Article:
Russia (MNN) — Remember the story of the American mother who sent her Russian adopted child back to Russia? Did that shape your mind at all about Russian adoption?
Or maybe you've heard other horror stories of emotionally-stunted children, or kids the orphanage says are healthy but turn out to have a physical disorder of some kind. Maybe you've dismissed Russian adoptions because they seem only to be for older kids.
Whatever negative myths and rumors you've heard, they're about to end.
Debbie Wynne works with Russian adoptions for Buckner International. She's heard the gamut of ideas people have about adopting from Russia, and she says most of them are untrue.
First, there's the idea that the majority of children available for adoption in Russia have some sort of special need. Some say that adopted children from Russia are either physically handicapped or emotionally stunted.
For one thing, Wynne says, "You can't generalize anything about health and emotional well-being to all children. It has to be about the individual child and their needs, and then the family's capacity of what child could they best be able to parent."
It's inevitable that some of Russia's 700,000 orphans have trauma in their pasts or some sort of physical defect. But parents are not randomly assigned children without knowing about these issues. In some nations, parents adopting internationally don't meet the child until after the adoption is filed, but in Russia, the system leaves an exceptional amount of room for parents to decide on who will be joining their family.
"Something that is positive about the Russian adoption system is that a multiple-trip system is required. In that first trip, the family actually gets to meet the child, ask additional questions, and talk to doctors. They can even get a second opinion with a doctor outside of an orphanage if the orphanage permits (which most times they do) before they make the decision to adopt the child," explains Wynne.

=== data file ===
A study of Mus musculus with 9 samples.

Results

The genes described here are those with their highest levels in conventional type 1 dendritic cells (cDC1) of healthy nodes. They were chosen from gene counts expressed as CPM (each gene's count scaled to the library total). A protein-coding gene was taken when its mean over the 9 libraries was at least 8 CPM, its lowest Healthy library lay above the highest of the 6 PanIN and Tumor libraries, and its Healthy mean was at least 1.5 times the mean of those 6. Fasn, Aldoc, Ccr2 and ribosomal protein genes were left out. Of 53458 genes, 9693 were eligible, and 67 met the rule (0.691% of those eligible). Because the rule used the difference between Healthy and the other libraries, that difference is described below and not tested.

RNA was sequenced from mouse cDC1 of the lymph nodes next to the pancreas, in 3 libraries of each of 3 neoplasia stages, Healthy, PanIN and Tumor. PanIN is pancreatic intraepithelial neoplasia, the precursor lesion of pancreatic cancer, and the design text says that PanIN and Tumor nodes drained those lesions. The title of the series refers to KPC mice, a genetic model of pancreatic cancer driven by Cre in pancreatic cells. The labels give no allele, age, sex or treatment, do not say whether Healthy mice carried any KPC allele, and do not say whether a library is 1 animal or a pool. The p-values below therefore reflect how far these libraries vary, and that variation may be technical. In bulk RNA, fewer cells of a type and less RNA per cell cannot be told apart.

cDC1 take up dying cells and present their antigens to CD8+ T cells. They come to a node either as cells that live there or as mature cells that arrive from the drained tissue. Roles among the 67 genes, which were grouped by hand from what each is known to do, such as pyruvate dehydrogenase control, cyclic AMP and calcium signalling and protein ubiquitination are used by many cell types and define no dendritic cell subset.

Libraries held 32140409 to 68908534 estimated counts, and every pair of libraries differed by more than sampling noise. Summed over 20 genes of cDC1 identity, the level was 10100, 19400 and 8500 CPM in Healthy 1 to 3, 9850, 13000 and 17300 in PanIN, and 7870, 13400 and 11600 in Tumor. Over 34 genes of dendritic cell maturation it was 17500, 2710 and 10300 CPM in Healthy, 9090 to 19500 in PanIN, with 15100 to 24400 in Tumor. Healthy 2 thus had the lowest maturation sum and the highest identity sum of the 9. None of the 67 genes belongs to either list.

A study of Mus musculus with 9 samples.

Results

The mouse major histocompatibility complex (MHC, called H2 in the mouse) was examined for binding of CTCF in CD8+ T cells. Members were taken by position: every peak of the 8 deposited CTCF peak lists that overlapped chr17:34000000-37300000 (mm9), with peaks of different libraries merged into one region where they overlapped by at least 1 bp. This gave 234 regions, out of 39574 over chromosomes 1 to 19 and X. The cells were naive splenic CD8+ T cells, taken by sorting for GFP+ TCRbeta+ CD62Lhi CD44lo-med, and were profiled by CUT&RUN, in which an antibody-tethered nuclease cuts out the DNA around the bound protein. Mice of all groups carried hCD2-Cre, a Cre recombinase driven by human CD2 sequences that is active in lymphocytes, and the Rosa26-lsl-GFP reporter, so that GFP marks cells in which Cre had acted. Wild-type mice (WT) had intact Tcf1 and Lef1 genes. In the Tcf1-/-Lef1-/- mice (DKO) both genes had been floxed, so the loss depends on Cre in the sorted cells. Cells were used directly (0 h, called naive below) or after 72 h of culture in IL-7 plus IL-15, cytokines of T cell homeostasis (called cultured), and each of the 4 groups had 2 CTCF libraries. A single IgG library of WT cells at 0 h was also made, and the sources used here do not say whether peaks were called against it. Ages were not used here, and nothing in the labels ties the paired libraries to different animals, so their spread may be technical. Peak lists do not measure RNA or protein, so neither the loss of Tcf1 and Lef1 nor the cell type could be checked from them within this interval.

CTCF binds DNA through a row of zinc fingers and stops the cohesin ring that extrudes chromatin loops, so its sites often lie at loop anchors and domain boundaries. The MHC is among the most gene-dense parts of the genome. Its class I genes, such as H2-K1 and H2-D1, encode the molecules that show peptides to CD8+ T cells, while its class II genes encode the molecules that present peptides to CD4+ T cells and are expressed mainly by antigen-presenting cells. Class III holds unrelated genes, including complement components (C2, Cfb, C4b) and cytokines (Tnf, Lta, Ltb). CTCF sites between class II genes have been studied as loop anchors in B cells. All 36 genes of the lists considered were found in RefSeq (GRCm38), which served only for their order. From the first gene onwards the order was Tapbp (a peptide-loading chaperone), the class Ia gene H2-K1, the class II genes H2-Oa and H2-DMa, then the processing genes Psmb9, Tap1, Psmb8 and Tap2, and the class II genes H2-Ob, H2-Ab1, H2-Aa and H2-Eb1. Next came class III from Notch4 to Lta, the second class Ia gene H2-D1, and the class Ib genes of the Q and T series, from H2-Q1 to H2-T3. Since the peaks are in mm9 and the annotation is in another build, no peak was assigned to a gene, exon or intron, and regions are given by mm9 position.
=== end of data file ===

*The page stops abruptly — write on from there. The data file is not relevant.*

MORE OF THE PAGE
That's one myth debunked. Another common misconception is that Russia only has older children available for adoption. Although Russia does have many older children who have been waiting far too long for forever families, little ones are still out there.
"Actually, we have a little two-and-a-half-year-old boy right now that has been waiting, and we don't have a family for almost a year," notes Wynne. "I just can't believe that."
It's true that children under 12 months are often adopted domestically in Russia. But Buckner frequently has children from 12 months to 15 years waiting to be adopted. The sad truth is: now that Russia is improving domestic adoptions, kids waiting for international families are living on a prayer.
"These orphanages that work with the system know that international adoption is the last option for these children to be in a family. I think that's the urgent message that we want to share: once a child becomes available for international adoption, it's really their last hope to be in a family."
Finally, it's worth unveiling the idea that Russian adoptions take longer is untrue. In fact, Wynne says this year in particular, adoptions have been going extremely quickly and smoothly from Russia. Some families who started the process this time last year already have their new child at home with them.
The U.S.-Russia bilateral adoption agreement that was recently made will also ensure that the right kids are put with the right family on both the Russian side and the U.S. side. The agreement is unlikely to slow the process down any more than a month.
Rumors about Russian adoptions are hurting families who want children while also hurting orphans who are waiting much longer than necessary for a family. The need for Russian adoptions is high.
"We have more children be identified for adoption than we have families, and to us, that's really heart-breaking," notes Wynne.
If you want to know more about adopting a child from Russia through Buckner, visit beafamily.org. Find pictures of the children currently in search of a family, and consider how God may want you to spread His name through adoption in Russia.